When I was growing up I always knew that I wanted to be a mum. I wanted two children, a husband and a nice home along with a great job, good friends and to be financially secure.
I never imagined that when I did eventually become a mum I would do so without my own mum.
It was just a given as far as I was concerned. She’d be my children’s nanna, my supportive shoulder to cry on and the person I could turn to when I needed help, advice or a break.
Mum died almost 10 years ago now when I was 18. I don’t think she ever envisaged not ever seeing her grandchildren or her own children get married and settled down for that matter.
I’m going to tell you something now that I’ve not told anyone before.
Absolutely freaking terrified of leaving my children alone in the world. I mean they wouldn’t be alone per say as they’d have their daddy, brother, sisters, aunt, uncle and cousins, but they wouldn’t have me. Their mum.
It’s sad to say that I came to a realisation the other day.
I don’t actually know what it’s like to have a grown-up, adult relationship with a parent.
That makes me feel sad and it’s certainly not how I ever imagined my life being.
Some people say that I think about things too much and I’d agree with that, but I think if I didn’t think about these things they’d just eat away inside of me until one day they’d explode out of me resulting in a possible meltdown!
I have to think about these things.
I need to rationalise things.
Anyway going back to my mum.
I don’t even know her favourite colour, her favourite perfume, food, film, book. There are so many unknowns.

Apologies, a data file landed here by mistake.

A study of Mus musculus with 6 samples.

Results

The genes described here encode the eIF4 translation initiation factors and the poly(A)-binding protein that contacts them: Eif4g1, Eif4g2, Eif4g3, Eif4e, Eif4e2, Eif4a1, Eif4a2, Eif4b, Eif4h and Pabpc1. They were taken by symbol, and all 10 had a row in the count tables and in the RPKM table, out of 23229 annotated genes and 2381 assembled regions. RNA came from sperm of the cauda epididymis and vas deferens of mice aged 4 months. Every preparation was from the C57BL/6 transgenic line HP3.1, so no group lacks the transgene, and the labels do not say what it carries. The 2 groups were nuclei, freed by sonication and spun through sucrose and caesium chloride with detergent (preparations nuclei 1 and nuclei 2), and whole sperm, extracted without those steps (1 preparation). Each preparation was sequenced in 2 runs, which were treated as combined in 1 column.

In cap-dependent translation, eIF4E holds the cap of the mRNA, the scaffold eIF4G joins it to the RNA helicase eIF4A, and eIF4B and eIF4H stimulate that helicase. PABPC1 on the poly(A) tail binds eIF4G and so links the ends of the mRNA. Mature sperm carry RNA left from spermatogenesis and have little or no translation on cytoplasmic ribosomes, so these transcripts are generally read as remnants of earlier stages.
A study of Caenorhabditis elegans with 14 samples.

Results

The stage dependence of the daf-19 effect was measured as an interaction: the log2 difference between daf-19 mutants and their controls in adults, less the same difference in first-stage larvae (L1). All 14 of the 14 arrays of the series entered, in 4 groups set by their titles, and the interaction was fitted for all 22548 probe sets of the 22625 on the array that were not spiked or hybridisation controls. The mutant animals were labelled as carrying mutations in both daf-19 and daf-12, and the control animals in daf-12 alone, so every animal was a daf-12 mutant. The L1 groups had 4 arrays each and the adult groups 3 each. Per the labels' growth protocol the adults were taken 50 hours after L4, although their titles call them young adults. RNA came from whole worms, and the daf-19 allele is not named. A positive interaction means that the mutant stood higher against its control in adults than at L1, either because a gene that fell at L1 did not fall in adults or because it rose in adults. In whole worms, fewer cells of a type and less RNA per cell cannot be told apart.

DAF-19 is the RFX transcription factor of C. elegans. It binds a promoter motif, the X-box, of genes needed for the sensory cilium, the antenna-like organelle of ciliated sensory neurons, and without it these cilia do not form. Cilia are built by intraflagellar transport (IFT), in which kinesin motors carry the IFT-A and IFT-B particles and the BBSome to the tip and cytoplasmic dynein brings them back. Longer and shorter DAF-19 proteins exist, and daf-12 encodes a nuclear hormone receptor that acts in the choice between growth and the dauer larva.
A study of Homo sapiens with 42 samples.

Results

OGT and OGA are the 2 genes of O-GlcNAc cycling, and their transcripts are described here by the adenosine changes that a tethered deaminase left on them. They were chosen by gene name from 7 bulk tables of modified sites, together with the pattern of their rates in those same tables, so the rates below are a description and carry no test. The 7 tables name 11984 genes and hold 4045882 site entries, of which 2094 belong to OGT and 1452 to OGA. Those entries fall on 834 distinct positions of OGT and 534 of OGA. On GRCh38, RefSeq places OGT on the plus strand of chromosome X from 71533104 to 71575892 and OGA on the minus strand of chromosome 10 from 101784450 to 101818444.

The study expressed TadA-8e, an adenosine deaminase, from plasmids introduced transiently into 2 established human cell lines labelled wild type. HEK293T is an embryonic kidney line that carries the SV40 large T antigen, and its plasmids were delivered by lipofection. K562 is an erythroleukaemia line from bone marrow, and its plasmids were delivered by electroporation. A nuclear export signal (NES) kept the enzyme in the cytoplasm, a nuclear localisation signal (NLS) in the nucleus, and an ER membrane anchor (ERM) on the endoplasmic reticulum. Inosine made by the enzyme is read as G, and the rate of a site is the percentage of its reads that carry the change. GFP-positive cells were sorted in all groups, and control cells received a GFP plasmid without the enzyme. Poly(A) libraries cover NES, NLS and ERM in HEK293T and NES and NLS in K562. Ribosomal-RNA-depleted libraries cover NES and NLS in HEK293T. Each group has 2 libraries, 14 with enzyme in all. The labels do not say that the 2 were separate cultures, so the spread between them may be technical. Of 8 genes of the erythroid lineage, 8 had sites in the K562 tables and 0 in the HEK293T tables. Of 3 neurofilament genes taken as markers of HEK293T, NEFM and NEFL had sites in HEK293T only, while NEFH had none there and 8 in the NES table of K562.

I really want to ask my mum how she found having twins. (I’m a twin). I wanted to ask her for advice when my girls were born, but I couldn’t because she wasn’t there.
I have a picture of her on my fireplace. R and M have seen it and I’ve told them that it’s my mummy.
R asked me the other day where my mummy was. I told her that my mummy was above us. In the clouds in a place called heaven. R then asked me if my mummy could fly.
Holding back tears, I thought long and hard about what to say.
I wasn’t prepared for this conversation. This conversation with one of my two year old daughters.
I didn’t know what to say, so simply said ‘Yes’.
That was it.
The end of the conversation.
As quick as it had started, it had ended.
Next time I’ll be more prepared. I’ll think a bit more about what I should say to her.
One of the great things about blogging is that should anything happen, my children can read about me. They can read my words and find out things about me that they may not have known.
2015 will be the year that I start writing a daily diary of our family life. What we do each day. The tantrums and tears, my feelings – the truth, my real feelings about how easy or hard I’ve found the day as a parent. I hope one day my children will look back on it with fond memories.